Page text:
Accelerate Tv: What are your sources of inspiration?

Thandti Ntuli: I’m inspired by everything that is life. I take in so much from everything that is happening all around me. Sometimes my life experiences. Art and poetry also have a significant place in what I find influential. And so do photography, film and documentaries.


Accelerate Tv: Why do you think you’re so soulful?

Thandti Ntuli: The short answer is because I grew up in a family that loves all types of music. As long as the music is good, we listened to it and could appreciate it. And just as importantly, it’s because I’m African.


Accelerate Tv: Where is jazz’s place in African music?

Thandti Ntuli: Historically, music made by Africans in the diaspora was taken from Africa. And that’s essentially what jazz is…music that belongs to the descendants of Africans. Jazz as a genre and an art form, directs us back to ourselves. It points us back at each other. It’s a love letter to those of us on the continent. You can tell, by the way it easily fuses with other traditional music and sounds. It reminds us how deep we are, and how much of each other that still needs to be explored.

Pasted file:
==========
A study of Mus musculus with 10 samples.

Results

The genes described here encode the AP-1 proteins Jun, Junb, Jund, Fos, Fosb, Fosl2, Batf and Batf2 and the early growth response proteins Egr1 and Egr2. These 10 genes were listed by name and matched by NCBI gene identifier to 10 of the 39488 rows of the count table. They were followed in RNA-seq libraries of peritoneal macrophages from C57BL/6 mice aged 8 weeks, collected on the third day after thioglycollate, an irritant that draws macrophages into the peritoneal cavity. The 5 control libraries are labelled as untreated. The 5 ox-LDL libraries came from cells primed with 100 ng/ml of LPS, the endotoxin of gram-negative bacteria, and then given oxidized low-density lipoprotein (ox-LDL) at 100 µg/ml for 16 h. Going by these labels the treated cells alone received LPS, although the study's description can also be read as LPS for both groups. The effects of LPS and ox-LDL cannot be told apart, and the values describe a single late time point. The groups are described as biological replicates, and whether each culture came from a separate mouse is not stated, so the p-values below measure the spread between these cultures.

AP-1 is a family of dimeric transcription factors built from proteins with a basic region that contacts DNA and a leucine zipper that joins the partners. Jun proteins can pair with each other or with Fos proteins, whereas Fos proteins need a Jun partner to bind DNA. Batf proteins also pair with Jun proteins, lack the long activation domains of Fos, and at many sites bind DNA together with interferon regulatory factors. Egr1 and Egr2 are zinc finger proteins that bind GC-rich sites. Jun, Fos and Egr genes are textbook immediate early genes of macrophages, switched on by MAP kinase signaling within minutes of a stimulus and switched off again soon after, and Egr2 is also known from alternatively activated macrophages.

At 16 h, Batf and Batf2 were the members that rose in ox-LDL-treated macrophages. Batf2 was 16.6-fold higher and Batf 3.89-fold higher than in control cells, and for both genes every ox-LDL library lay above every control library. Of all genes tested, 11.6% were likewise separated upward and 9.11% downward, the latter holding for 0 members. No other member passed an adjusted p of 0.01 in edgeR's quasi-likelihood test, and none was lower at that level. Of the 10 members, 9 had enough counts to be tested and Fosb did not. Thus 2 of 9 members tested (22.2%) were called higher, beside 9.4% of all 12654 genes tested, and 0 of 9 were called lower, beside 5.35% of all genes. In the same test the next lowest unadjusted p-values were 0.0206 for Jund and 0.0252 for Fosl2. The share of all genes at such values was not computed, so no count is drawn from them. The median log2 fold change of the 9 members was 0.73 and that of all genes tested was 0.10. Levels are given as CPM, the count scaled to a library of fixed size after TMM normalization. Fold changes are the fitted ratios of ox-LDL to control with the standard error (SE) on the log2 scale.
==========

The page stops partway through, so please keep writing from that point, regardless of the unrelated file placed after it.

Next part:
Accelerate Tv: How does your sound enhance jazz as a genre?

Thandti Ntuli: My sound is inspired by the intent to illustrate what it sounds like to be an African today. The west has always liked more traditional sounds but that doesn’t reflect us or where we

are in our hearts or minds. I hope my music gives a wider palate to what is seen as African and South African music. I hope my music shows how diverse, dynamic and complex we are.


Accelerate Tv: Who on the continent do you hope to work with and why?

Thandti Ntuli: I dream of working with Malian singer, Oumou Sangare. I just love her sound and think that we would really connect through our work.


For Thandi Ntuli’s full interview, download the digital version of the July 2021 edition of The Cover. Here.